It has been going on for two years. This problem my husband and I have. It is a problem that affects both of us and yet was caused by neither one of us.
We have spent plenty of time and money trying to solve this problem, but the thing we have done most is pray. And yet, nothing has changed. At least not yet.
I have prayed countless prayers asking God to make this problem go away and yet in his great sovereignty God is keeping silent on the issue. At this point, I have no inclination from Him that anything is going to change. But, I keep believing .
My faith ebbs and flows, though mostly flows because I have come to realize two major truths during this season of tears, frustration, hope and disappointment. The first is that as I look back over the course of my life, God has always come through for me. I don’t mean that things have always turned out the way I wanted or thought I needed them to. I mean, God has always been there for me no matter what happened in my life and I know he always will be.
In Hebrews 13:5 God says, “I will never leave you or forsake you.”
Second, I have decided that when “life happens” to me—the bad parts—I am going to try and first decide who I want to be and then act. What I mean is this. When the situation is over, I want to look back and feel good about who I was during the process. Because that is what really counts, right? How we act when things don’t go our way. That is our opportunity to prove to ourselves and others how great our love and trust in God really are. These are the moments that shape our character, build our trust and make us more like Jesus.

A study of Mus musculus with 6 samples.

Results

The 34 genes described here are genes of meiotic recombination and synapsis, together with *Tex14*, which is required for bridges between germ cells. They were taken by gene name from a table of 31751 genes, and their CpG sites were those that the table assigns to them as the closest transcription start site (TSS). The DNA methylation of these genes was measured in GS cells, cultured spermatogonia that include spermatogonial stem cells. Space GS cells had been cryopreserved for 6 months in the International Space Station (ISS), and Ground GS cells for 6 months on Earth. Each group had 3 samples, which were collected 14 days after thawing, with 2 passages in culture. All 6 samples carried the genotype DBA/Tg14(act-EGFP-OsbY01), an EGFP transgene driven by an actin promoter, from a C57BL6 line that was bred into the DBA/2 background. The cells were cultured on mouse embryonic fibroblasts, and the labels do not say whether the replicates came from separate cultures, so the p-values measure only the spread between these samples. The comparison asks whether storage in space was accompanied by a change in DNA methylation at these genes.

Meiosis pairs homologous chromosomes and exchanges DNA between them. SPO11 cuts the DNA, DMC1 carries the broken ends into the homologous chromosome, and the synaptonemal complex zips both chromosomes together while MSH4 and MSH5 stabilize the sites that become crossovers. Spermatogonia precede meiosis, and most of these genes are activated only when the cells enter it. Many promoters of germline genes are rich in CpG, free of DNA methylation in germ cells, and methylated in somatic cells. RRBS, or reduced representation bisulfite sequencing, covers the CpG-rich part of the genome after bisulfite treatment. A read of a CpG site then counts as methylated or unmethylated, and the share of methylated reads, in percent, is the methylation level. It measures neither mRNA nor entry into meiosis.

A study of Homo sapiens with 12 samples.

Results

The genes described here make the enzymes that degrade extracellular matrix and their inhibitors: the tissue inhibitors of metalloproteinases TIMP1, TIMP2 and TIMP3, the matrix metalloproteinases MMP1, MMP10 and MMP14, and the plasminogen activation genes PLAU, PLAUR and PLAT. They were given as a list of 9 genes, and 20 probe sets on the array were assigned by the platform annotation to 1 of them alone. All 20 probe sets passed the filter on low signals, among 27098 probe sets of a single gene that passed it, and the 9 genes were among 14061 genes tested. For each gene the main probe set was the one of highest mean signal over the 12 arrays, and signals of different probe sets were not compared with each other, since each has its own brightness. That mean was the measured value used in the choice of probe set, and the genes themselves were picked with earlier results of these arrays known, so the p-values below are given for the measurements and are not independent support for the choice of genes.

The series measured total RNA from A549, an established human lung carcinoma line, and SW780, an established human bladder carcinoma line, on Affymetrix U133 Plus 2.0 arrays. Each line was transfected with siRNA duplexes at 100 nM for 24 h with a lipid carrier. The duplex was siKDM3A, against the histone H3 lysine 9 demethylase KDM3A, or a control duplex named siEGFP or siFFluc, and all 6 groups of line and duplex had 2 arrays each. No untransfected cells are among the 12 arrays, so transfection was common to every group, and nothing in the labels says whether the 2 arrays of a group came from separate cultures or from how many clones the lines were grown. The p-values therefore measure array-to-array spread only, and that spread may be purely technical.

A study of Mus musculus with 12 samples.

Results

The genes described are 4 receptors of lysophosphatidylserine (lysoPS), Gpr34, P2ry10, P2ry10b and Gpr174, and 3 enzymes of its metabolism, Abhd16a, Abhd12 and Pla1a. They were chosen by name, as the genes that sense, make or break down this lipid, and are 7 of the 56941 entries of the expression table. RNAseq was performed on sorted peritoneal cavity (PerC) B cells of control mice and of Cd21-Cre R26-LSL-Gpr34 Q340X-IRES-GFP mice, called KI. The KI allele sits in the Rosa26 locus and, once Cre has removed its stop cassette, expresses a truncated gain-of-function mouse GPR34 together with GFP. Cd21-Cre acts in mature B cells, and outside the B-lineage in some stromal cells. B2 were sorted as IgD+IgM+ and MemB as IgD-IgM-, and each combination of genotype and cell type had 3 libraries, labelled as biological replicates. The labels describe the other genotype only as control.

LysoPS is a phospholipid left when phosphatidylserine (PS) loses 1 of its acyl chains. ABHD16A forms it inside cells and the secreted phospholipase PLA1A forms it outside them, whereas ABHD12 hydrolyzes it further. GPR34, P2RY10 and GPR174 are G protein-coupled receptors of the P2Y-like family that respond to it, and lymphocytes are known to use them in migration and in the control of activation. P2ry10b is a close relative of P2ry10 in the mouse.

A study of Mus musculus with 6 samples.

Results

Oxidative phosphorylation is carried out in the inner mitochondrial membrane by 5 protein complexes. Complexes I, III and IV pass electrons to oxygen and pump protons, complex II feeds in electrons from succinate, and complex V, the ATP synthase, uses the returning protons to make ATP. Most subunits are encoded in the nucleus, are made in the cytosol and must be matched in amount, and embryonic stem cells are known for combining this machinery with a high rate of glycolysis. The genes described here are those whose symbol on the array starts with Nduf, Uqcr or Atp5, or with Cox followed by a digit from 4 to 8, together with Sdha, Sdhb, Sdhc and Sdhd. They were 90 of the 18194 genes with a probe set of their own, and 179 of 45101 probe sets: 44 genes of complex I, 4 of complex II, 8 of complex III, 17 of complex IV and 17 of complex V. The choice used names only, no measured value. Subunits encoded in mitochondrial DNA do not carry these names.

Isaiah 53:3 says, “He (Jesus) was a man of sorrows, familiar with suffering.”
During this season, as I remember God’s faithfulness and am mindful of my response, there are a few other practices that help me—things that may benefit you when faced with a difficult life season.
Keep praying. Pray often. If you are married, pray with your husband. And, ask a few people you are close to and trust to pray for you.
Quote scripture. Find scriptures that relate to your issue and write them on index cards. Then place them around the house so you can read them throughout the day.
Have a team mindset. Whether your problem is personal, your husband’s, both of yours equally or perhaps a problem between you and a child, it can be easy to forget that you are on the same team. Stress can cause people to isolate themselves, argue or even lash out. Remember that you are on the same team fighting for the same thing—each others’ physical, spiritual and emotional well-being. It is also helpful to remember that God is on your team. He is for you and not against you.
Count your blessings. My great grandmother did this to alleviate worry. Think about the most difficult seasons of your life and how God brought you through. This reminds you of his faithfulness and builds your trust.
Ask for help. If you are feeling overwhelmed, depressed or anxious and prayer does not seem to be enough, seek professional help. Speak with a counselor or doctor to see what treatment options may assist you.
How about you? Have you been praying for something and nothing seems to change? How are you responding to the silence? What are you doing to remain hopeful? Will you one day look back and be pleased with your response to this season of your life?